Do the Cardinals' recent failures prove it's time for change in St. Louis?

Cardinals baseball has significantly deteriorated over the past several years, and it's fair to wonder of those in charge truly know what they're doing.
Chicago Cubs v St. Louis Cardinals
Chicago Cubs v St. Louis Cardinals / Dilip Vishwanat/GettyImages

But to the fans, 2023 was the culmination of years of half-measures and bad organizational decisions all around.

Fortunately, 2023 is behind us, but 2024 is beginning to look very much like the start of 2023. Sonny Gray is doubtful for Opening Day after a hamstring injury, as is Tommy Edman, who is recovering from wrist surgery.

To make matters worse, Lars Nootbaar is going to be out for two weeks as he recovers from a few fractures in his ribs.

This is not looking promising. The roster appears to be falling apart before our eyes, and it's fair to question if Bill DeWitt Jr. and John Mozeliak truly know what they're doing.

Do the Cardinals know what they're doing?

Before we have kneejerk reactions and quickly respond with a simple "no", we have to take a look at the past couple of years. It starts with the 2015-16 offseason when the Cardinals lost Jason Heyward and John Lackey to the Cubs.

While the Cubs spent on high-level players, the Cardinals didn't respond and simply let it happen. It was from this point on that the Cardinals were no longer a model franchise. Soon, they experienced a three-year postseason drought, while the Cubs won a title.

Fast forward to the 2019-20 offseason and the Cardinals were once again quiet, not addressing key areas of their roster, such as their offense. Marcell Ozuna left for the Braves and was not replaced. But this was where the first major misstep came.

At the time, the Ozuna trade didn't look like a bad deal, but Mozeliak made a fateful trade with the Rays that set the Cardinals back a couple of years. To clear out the outfield logjam, they traded Jose Martinez and Randy Arozarena to the Rays in exchange for Matthew Liberatore.

All Arozarena did as win ALCS MVP, break the single-postseason home run record, win Rookie of the Year, and emerge as a perennial MVP candidate. Meanwhile, the Cardinals bet on guys like Tyler O'Neill, Dylan Carlson, and Harrison Bader, all of whom struggle to stay healthy and two of which are no longer Cardinals.

But it gets worse. The Cardinals later traded Adolis Garcia to the Rangers for cash considerations. Garica was the ALCS MVP last year as the Rangers cruised to their first World Series title.

But around 2021, other issues began to surface. Not only did the Cardinals organization look bad for trading away young talent and betting on the wrong horses, but the pitching staff that had long been a strength was beginning to falter.

Pitchers such as Jack Flaherty could never stay healthy, while former Cardinals Zac Gallen and Sandy Alcantara became Cy Young candidates. It was then that the Cardinals started to really feel the effects of the Ozuna trade.

Suddenly, their pitching was depleted, and they weren't churning out quality arms like they used to.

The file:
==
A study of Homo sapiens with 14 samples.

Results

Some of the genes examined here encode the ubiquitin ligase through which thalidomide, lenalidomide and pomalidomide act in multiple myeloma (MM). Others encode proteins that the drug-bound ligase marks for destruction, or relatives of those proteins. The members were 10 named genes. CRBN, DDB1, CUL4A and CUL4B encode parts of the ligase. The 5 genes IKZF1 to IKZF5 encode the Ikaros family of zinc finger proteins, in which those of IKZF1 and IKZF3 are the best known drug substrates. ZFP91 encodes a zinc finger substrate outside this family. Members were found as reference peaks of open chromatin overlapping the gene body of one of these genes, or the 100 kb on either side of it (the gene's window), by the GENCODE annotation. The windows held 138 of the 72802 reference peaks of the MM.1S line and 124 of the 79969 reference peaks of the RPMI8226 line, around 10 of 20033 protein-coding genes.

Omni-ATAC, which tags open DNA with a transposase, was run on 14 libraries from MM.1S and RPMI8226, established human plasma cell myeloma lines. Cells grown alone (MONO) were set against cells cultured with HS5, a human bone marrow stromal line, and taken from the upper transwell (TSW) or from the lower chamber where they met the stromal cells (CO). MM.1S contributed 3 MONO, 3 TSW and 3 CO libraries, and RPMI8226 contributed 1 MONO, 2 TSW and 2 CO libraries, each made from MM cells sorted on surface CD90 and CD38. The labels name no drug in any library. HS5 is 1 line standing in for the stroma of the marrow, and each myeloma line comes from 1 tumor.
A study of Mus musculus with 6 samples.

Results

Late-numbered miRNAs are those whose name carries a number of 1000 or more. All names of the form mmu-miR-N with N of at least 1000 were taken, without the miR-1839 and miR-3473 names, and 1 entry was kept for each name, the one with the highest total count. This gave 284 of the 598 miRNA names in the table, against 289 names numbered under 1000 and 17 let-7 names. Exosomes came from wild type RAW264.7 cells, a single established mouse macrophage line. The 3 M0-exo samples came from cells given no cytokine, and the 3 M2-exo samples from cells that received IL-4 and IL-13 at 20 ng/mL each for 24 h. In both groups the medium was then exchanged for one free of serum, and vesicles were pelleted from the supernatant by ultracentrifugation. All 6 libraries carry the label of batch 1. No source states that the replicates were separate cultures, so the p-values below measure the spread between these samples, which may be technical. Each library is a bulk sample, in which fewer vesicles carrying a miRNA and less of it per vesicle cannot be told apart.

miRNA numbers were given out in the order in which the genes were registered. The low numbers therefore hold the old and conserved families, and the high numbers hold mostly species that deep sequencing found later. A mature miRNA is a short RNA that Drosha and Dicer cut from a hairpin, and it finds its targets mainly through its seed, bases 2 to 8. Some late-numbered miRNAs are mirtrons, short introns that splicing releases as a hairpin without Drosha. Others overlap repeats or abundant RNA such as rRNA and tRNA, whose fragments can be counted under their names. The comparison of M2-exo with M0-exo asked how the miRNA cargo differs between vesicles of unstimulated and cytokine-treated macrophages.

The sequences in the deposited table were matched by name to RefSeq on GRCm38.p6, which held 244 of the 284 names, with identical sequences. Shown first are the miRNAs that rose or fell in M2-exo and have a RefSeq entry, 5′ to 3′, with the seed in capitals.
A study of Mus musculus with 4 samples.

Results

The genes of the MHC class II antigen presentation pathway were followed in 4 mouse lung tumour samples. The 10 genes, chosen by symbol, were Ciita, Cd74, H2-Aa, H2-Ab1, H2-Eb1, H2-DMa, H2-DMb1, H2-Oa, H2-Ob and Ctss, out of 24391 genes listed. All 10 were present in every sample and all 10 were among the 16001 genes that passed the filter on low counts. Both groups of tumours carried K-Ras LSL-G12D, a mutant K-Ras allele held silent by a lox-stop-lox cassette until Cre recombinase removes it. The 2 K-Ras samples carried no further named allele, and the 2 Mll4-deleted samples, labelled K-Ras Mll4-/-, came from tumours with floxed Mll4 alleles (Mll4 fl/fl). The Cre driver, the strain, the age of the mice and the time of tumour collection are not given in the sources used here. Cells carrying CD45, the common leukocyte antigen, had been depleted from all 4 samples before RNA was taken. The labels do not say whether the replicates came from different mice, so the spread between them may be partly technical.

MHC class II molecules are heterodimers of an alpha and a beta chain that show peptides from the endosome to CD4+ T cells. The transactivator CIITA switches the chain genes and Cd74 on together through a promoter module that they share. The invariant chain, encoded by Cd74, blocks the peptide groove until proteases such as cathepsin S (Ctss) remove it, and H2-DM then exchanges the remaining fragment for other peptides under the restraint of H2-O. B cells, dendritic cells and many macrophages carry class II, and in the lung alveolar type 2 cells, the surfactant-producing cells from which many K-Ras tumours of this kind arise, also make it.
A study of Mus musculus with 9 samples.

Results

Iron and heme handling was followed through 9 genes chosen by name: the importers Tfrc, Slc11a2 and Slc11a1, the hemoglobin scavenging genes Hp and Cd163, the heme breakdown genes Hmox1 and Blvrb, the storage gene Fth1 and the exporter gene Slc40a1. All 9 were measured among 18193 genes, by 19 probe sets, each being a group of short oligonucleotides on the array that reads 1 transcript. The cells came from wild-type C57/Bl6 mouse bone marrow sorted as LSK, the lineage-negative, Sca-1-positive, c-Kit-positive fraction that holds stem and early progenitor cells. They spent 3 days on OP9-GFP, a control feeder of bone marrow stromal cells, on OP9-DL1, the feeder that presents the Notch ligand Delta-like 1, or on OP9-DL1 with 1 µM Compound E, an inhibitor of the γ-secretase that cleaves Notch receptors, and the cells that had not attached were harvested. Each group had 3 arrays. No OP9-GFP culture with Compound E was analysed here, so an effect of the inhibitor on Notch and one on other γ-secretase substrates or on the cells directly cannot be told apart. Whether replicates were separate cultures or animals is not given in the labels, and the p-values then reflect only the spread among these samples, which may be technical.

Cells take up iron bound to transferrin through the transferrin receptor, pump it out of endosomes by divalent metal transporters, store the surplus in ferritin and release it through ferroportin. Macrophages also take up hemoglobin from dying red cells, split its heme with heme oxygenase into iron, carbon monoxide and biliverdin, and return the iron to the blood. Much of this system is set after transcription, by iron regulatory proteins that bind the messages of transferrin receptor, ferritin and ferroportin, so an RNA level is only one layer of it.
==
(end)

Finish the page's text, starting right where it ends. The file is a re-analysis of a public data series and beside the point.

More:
And when top-level pitchers were available, the Cardinals either stood pat or took half-measures. In 2021, they added Jon Lester and J.A. Happ, who were both past their primes. It almost seemed as if they added those guys just to say they did something after years of quiet trade deadlines.

Then, after a 17-game winning streak got them to the postseason, they surprisingly fired then-manager Mike Shildt over a perceived "philosophical difference." He was replaced by Oli Marmol, who led the Cardinals to a division title in 2022, but ultimately couldn't get them any further than the Wild Card round. They still haven't won a playoff series since 2019, much less a playoff game since 2020.

Finally, 2023 came along. After Adam Wainwright fell off a cliff the prior September, the Cardinals no longer had an ace. They needed one heading into 2023, and they chose to give $17.5 million to a depleted Wainwright instead of trying for pitchers such as Nathan Eovaldi or Justin Verlander.

And so, without enough pitching, the Cardinals lost 91 games and missed the postseason for the first time since 2018. Marmol began to rely too heavily on analytics, while also making the puzzling decision to play Taylor Motter.

This past offseason, they were active and addressed their starting rotation, but didn't spend big like they needed to. Instead of adding two frontline starters, they added just one, Gray, while filling the rest of the rotation with back-end guys like Lance Lynn and Kyle Gibson.

Of course, the front office has made some poor decisions, and they deserve blame. But ownership has also been unwilling to spend big money on key players, which forces the Cardinals to settle for half measures.

Now, as we head into 2024, it looks as though the Cardinals will be without their ace for a little bit, leaving Miles Mikolas as the most likely candidate to start Opening Day.

For years, the standards have been lowering. The Cardinals went from a championship contender to a team that just strived to be good enough to get into the playoffs and banked on hope that magic from 2006 and 2011 would repeat itself.

Yes, the Cardinals should be better than last year, but they haven't done enough to be a World Series contender, but rather, just a borderline playoff contender.

This is why it's fair to say no when posed with the question of whether or not the Cardinals truly know what they're doing. They've made questionable decisions that have set the organization on the wrong path, and 2023 was the culmination of such decisions.

And without Gray, the pitching doesn't look any better than last year.